Researchers at Northeastern University claim there is not a school shooting “epidemic” and schools are actually safer than in the 1990s, according to a study published last week.
Following the Parkland massacre, where 17 students and faculty were murdered and another 16 injured, policymakers and politicians are grappling with ways to combat school shootings.
The solution of reforming gun policies might be less effective in combating school shooting sprees.
“There is not an epidemic of school shootings,” said James Alan Fox, Lipman Family Professor of Criminology, Law, and Public Policy at Northeastern University, who led the research project with doctoral student Emma Fridel, Northeastern reported.
Their research emphasizes that school shootings are actually infrequent — only approximately one out of 20 to 30 mass shootings per year take place at a school.
The study also suggests that school shootings are lessening, approximately four times the amount of people were killed during shooting sprees in the 1990s compared to now.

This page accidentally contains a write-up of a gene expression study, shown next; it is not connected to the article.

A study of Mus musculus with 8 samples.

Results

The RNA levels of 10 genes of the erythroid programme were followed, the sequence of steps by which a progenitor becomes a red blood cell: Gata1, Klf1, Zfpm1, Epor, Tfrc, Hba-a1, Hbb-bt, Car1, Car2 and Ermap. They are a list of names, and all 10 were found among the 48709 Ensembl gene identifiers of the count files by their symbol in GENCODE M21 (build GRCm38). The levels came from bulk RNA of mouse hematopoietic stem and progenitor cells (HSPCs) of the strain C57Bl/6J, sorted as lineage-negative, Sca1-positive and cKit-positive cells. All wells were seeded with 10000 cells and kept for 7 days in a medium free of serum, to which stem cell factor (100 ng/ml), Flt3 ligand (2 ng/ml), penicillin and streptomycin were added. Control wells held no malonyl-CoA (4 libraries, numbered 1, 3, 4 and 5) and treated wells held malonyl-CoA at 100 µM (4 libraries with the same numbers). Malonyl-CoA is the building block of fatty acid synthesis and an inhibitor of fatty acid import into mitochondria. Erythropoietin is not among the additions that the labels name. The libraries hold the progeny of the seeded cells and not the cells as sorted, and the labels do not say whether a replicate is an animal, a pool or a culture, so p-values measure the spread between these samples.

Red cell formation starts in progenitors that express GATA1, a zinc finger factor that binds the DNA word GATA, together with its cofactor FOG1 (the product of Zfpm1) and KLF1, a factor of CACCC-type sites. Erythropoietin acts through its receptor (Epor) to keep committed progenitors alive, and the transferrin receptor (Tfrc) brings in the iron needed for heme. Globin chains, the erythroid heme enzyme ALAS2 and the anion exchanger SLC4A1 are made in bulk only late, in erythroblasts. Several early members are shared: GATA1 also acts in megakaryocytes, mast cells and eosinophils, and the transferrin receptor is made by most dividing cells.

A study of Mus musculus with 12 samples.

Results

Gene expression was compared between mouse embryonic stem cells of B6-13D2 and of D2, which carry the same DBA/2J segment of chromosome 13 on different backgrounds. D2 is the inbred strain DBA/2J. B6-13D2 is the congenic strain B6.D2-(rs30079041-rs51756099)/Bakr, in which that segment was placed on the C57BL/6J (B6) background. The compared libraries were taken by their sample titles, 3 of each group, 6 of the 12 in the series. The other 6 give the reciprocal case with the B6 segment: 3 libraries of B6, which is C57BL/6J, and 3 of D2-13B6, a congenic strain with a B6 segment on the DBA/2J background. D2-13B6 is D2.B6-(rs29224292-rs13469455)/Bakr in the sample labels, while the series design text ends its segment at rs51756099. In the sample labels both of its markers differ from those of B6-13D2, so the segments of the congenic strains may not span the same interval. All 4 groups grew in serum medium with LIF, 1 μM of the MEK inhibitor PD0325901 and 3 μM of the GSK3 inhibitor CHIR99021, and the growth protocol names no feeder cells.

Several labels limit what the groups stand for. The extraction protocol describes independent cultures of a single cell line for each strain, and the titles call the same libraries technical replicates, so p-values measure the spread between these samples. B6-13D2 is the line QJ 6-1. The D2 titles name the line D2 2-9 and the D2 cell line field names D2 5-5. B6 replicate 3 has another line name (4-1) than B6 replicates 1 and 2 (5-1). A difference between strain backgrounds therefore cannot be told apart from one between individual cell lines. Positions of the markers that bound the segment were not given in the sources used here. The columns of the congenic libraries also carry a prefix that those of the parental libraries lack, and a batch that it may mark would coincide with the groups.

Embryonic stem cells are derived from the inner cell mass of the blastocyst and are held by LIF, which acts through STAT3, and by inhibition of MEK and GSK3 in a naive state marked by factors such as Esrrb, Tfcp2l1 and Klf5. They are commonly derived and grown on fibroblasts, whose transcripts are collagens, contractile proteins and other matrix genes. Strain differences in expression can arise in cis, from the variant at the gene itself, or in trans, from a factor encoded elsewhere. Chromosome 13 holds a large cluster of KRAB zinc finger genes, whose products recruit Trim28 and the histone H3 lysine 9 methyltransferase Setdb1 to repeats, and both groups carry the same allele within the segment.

Banning bump stocks and raising the age to purchase an assault rifle might do little to prevent school shootings.
In the past 35 years, there are only five cases where someone aged 18 to 20 used an assault rifle to carry out a mass shooting, Fox said.
“The thing to remember is that these are extremely rare events, and no matter what you can come up with to prevent it, the shooter will have a workaround,” Fox said.
The researcher alleges that increasing mental health programs and guidance counselors at schools are a more effective way to combat school shootings.
“You might have students in a very large school who are troubled but who are basically flying under the radar because you have one guidance counselor for 400 students,” Fridel said.
A guidance counselor to student ratio was approximately 482 to one during the 2014-2015 school year.
The American School Counselor Association advises that there should instead be a ratio of 250 students to one guidance counselor.
Arming teachers and making schools into “fortresses” with active shooter drills also might also do more harm than good, according to the researchers.
“I’m not a big fan of making schools look like fortresses, because they send a message to kids that the bad guy is coming for you — if we’re surrounding you with security, you must have a bull’s-eye on your back,” Fox added.
He did not elaborate on how a secure position would be more vulnerable to attack.
Fox is also the author of numerous books regarding criminology, including “Violence and Security on Campus” published in 2010.